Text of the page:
Senior civil servant resigns claiming culture of bullying

Sir Philip Rutnam dramatically resigned last week as Permanent Secretary of the Home Office, accusing Home Secretary Priti Patel of bullying and belittling staff and of orchestrating a "vicious" smear campaign of press leaks against him. While Patel has denied the allegations, Sir Philip said in a written statement read to BBC News "I regret I do not believe her". In an unprecedented move for a civil servant of his seniority, Rutnam is suing the government and Home Secretary Priti Patel for constructive dismissal, claiming he has turned down a financial offer from the Cabinet Office to leave quietly. His statement claimed her treatment of him was "part of a wider pattern of behaviour" which included "shouting and swearing, belittling people, making unreasonable and repeated demands – behaviour that created fear." The Cabinet Office has announced an internal inquiry into the allegations.


Only 42% of UK employees rate their experiences at work as positive

According to a survey of nearly 2,000 UK employees and leaders, less than half of UK employees – 42% – rate their overall 'employee experience' as positive. Meanwhile, only 53% believe that the 'employee experience' is taken seriously by their organisation, compared with 47% who say their employer treats it as an afterthought. 48% felt that their employer was sacrificing employee experience in their focus to try and please customers. The figures were drawn from the wider survey of 20,000 global employees as part of the O.C. Tanner Institute's 2020 Global Culture Report.

Robert Ordever, Managing Director at O.C Tanner Europe, commented that "Many companies are still viewing employees as a means of production and profit but this must change… A great corporate culture is crucial to delivering first-class employee experiences. Failure to act on this will lead to disengagement, mass burnout, high staff turnover and a talent deficit that will see organisational profits nose dive."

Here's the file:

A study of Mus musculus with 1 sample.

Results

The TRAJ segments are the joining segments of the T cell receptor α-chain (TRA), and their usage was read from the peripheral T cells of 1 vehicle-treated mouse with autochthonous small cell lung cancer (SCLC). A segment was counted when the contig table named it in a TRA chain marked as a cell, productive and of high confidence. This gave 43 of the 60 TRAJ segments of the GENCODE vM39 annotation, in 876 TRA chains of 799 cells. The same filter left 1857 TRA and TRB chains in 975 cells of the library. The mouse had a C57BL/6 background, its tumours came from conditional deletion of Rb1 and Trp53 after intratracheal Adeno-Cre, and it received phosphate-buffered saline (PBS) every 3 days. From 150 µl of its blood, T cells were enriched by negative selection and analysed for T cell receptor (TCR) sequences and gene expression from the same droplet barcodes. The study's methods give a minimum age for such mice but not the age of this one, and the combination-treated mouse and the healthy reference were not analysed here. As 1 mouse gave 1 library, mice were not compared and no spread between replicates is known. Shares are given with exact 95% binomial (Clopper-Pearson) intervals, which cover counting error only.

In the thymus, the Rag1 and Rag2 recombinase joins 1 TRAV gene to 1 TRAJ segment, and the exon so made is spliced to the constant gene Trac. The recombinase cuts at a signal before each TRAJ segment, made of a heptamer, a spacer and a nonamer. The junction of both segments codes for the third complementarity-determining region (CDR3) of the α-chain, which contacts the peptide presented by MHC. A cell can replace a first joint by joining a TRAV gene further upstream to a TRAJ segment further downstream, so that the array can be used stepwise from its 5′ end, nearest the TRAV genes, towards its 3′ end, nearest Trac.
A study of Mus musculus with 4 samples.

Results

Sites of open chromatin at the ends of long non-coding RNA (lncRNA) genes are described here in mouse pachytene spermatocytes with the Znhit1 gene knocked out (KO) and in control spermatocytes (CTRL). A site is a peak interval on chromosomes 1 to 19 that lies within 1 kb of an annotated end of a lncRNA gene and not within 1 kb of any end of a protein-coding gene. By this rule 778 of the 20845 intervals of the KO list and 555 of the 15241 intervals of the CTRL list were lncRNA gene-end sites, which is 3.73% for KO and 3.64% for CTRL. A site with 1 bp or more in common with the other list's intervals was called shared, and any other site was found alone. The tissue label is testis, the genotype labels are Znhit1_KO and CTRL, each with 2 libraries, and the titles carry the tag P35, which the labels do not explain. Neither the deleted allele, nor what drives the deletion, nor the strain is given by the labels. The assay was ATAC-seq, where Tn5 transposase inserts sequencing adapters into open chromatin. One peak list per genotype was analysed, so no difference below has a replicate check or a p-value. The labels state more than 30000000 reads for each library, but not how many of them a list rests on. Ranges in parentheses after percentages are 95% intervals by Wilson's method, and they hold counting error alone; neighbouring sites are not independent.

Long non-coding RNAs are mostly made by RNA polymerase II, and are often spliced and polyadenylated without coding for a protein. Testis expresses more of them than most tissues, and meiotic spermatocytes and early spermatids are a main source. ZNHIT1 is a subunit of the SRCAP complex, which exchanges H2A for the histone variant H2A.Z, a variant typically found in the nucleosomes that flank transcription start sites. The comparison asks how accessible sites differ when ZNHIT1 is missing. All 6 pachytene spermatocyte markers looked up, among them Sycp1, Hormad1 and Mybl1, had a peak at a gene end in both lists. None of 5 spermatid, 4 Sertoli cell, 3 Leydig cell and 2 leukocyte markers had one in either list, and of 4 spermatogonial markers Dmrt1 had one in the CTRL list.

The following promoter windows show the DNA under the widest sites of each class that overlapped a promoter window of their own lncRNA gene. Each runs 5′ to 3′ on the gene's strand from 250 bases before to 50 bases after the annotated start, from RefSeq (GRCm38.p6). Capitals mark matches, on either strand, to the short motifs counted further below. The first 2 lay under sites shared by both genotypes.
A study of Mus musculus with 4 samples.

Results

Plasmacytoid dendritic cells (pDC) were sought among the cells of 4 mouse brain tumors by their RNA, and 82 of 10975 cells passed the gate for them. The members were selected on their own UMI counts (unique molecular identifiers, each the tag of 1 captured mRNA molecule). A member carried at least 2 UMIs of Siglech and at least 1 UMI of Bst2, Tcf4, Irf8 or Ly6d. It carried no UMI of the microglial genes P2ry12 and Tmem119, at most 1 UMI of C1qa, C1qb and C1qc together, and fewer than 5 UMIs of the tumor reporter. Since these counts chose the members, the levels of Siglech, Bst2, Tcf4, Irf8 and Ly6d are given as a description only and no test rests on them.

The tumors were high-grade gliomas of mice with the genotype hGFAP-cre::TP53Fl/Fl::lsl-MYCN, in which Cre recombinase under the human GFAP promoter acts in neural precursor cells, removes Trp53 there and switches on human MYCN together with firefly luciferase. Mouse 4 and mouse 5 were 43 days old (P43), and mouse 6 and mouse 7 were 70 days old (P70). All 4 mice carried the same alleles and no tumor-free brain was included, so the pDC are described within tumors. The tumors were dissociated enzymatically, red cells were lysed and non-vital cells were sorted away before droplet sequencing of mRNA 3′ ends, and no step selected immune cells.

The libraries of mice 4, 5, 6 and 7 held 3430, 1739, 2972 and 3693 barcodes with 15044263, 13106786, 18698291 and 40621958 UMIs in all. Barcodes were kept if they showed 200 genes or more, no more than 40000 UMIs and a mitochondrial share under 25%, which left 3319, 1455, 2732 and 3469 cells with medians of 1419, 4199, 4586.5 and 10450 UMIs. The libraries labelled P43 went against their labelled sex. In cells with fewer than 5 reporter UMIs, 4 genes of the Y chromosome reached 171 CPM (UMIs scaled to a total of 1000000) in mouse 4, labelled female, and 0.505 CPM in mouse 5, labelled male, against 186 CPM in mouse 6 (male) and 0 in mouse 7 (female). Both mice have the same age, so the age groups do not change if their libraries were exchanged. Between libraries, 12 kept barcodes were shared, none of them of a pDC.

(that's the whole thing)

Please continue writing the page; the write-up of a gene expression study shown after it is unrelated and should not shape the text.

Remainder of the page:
New Commission launched on future of early years workforce

A new Early Years Workforce Commission has been set up to bring together a group of leading sector experts to examine key workforce challenges and develop innovative solutions. Their key goal is to ensure that the sector receives the recognition it deserves and is seen as providing a rewarding and attractive career path to current and prospective employees. It aims to publish a report with recommendations later this year, looking at training, CPD, pay, recruitment and retention, as well as demonstrating the importance of the sector for wider society.

Speaking on behalf of the Commission, Julie Hyde, Executive Director of Education and Training at the awarding organisations NCFE and CACHE, commented that "it became clear that whilst the problems facing the sector were well-established, to move the conversation forward, we needed to develop evidence-based solutions. After further discussion we decided to focus on workforce issues. Whilst these are just one part of the puzzle, we believe that an effective workforce strategy is crucial to underpin the long-term sustainability of the sector and quality of provision."